If the biggest focal point in your backyard during fall is a pile of ready-to-rake leaves, then start digging. Rather than a time to wrap up your garden for the year, early fall—when the heat of summer begins to finally fade — is actually a perfect time to plant. For a beautiful garden you can enjoy this season and into the spring, we got a few tips from Tara Nolan of the popular gardening website Savvy Gardening.
Plan by counting backwards. Make sure you plant any perennials at least six weeks before your region’s hard frost date, so the plants have a chance to get established, says Nolan. This is especially important if you’re planting from seeds, which can need extra time to mature. The frost date can range from early October in Buffalo, New York to…. never in Miami, Florida. Find yours by searching for “USDA frost date,” and refer to each plant’s directions when considering how much time you have.
Try cool-weather-loving veggies. Beets, carrots, and radishes all flourish in fall, as do certain greens (like lettuce and spinach), and members of the brassica family (kale, broccoli, brussels sprouts). Fall is also a great time to plant bulbs—including edible bulbs like garlic, says Nolan.
Get ahead for a spring harvest. Depending on where you live, numbing temps and heavy snowfall can KO some spring-producing plants. (Using raised beds and winter protection like row covers can help, though.) Still, there are some spring-producing perennials that also have gorgeous foliage during fall, says Nolan. “ Bushel and Berry, a company with a collection of self-pollinating berry plants, offers some great varieties with lovely foliage,” she says. “Pink Icing, for example, has leaves that change from pink with blue and green to turquoise in winter.” For more choices, budding gardeners might want to check out Stark Bro's.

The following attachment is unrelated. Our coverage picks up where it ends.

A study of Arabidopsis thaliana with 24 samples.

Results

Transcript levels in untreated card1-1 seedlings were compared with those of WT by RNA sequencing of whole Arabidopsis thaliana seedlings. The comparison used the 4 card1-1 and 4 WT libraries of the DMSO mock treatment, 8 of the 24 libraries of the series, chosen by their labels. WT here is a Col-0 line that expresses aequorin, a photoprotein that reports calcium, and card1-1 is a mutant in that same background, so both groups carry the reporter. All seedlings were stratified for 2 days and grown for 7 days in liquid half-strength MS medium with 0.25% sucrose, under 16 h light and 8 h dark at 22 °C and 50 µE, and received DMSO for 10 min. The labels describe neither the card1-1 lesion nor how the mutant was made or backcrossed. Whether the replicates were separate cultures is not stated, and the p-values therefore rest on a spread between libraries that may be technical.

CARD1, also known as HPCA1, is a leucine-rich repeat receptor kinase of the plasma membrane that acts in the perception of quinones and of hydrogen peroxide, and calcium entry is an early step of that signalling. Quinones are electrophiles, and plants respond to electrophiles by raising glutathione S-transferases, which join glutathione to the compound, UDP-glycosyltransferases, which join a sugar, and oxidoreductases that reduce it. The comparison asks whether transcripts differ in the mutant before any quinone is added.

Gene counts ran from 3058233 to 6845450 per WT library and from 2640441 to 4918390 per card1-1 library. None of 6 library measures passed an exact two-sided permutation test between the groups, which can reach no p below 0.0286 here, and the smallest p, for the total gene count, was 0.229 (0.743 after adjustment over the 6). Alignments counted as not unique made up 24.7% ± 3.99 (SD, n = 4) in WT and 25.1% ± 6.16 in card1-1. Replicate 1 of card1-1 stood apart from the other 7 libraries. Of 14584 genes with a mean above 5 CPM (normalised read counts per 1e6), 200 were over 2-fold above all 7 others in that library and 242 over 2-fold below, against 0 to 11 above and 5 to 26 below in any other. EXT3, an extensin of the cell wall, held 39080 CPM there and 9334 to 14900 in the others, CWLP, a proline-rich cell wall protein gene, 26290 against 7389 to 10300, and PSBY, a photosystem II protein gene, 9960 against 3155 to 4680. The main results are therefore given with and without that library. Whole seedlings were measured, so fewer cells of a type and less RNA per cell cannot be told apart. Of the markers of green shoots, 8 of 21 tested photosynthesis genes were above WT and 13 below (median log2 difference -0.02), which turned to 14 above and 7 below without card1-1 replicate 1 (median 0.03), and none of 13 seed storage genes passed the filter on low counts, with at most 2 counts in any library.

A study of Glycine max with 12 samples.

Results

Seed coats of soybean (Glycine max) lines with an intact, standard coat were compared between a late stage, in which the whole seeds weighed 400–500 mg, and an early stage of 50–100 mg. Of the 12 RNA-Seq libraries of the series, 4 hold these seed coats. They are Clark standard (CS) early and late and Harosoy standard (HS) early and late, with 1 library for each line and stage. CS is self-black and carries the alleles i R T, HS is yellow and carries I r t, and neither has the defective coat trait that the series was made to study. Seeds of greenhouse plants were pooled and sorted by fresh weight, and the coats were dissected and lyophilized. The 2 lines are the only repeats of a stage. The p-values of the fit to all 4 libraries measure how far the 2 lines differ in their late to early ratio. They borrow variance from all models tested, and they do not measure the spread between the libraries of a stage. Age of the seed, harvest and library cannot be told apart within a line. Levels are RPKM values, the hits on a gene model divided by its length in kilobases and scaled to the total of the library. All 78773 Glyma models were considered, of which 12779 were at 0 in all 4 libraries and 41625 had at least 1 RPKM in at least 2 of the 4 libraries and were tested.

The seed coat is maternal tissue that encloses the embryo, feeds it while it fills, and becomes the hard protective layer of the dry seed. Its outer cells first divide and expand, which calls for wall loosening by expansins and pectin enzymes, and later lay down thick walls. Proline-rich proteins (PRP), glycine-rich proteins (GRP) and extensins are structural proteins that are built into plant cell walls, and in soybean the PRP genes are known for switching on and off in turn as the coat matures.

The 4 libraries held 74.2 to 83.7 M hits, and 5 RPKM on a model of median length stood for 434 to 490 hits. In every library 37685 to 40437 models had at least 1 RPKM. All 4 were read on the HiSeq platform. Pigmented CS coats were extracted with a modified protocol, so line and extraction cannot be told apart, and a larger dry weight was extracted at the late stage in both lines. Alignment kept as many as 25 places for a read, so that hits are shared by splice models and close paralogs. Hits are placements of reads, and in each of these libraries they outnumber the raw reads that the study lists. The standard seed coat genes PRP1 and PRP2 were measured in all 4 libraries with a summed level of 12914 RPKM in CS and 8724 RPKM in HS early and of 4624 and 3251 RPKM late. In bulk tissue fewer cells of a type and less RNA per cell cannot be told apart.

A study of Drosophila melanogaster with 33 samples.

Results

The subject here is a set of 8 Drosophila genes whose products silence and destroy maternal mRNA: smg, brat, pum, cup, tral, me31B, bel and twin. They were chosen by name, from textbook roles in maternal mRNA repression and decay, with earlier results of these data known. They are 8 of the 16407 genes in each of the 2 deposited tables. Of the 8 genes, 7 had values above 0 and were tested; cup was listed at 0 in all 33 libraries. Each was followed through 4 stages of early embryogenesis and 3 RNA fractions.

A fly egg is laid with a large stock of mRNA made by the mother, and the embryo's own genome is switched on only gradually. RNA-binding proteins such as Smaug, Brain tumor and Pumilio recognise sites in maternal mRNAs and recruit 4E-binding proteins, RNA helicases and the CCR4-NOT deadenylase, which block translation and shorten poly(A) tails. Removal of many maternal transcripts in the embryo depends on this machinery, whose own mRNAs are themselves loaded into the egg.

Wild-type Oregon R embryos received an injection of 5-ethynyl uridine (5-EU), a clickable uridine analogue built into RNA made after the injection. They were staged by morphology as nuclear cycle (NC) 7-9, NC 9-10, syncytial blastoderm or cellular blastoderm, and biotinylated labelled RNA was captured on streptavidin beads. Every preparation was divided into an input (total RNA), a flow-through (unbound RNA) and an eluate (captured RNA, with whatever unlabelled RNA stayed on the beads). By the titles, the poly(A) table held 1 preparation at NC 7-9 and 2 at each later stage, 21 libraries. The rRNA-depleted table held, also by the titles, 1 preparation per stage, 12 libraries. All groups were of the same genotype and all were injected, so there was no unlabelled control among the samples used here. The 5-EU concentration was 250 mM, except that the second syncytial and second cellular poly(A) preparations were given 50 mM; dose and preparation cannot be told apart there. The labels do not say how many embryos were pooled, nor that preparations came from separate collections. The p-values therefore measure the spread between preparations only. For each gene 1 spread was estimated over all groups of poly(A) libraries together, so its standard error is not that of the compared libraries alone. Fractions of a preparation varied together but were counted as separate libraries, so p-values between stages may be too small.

Add vibrant color. Your summer annuals are done and done, so replace them with a rainbow of fall blooms. Chrysanthemums (aka mums) are one of the most popular for good reason — they’re available in a palette of pretty colors and will keep your yard in blossoms through the end of football season.
For other ideas, Nolan suggests getting inspiration at your local nursery. “See what’s in bloom or near blooming that you can incorporate into your garden,” she says. Some of her favorite perennials include Japanese anemones (which produce delicate two-toned flowers), “Autumn Joy” sedum (a succulent with clumps of red and bronze blooms) and asters (an easy-to-grow plant whose flowers commonly come in shades of pink, purple, or blue).
Build a perfect pot. Container gardening lets you dip a toe into fall planting—or add color to a small space. Nolan likes to use a mix of annuals and perennials in her fall pots. (When you’re ready to take it apart, move the plants to your garden to enjoy next year.)
“Heuchera is one of my favorites; it’s a leafy perennial that comes in a wide range of colors,” says Nolan. “Depending on my color theme, I’ll choose one with deep purple or almost-black leaves, or a harvest hue like caramel.” Try it with a mix of other great container plants like purple and green kale, ornamental peppers, and mums.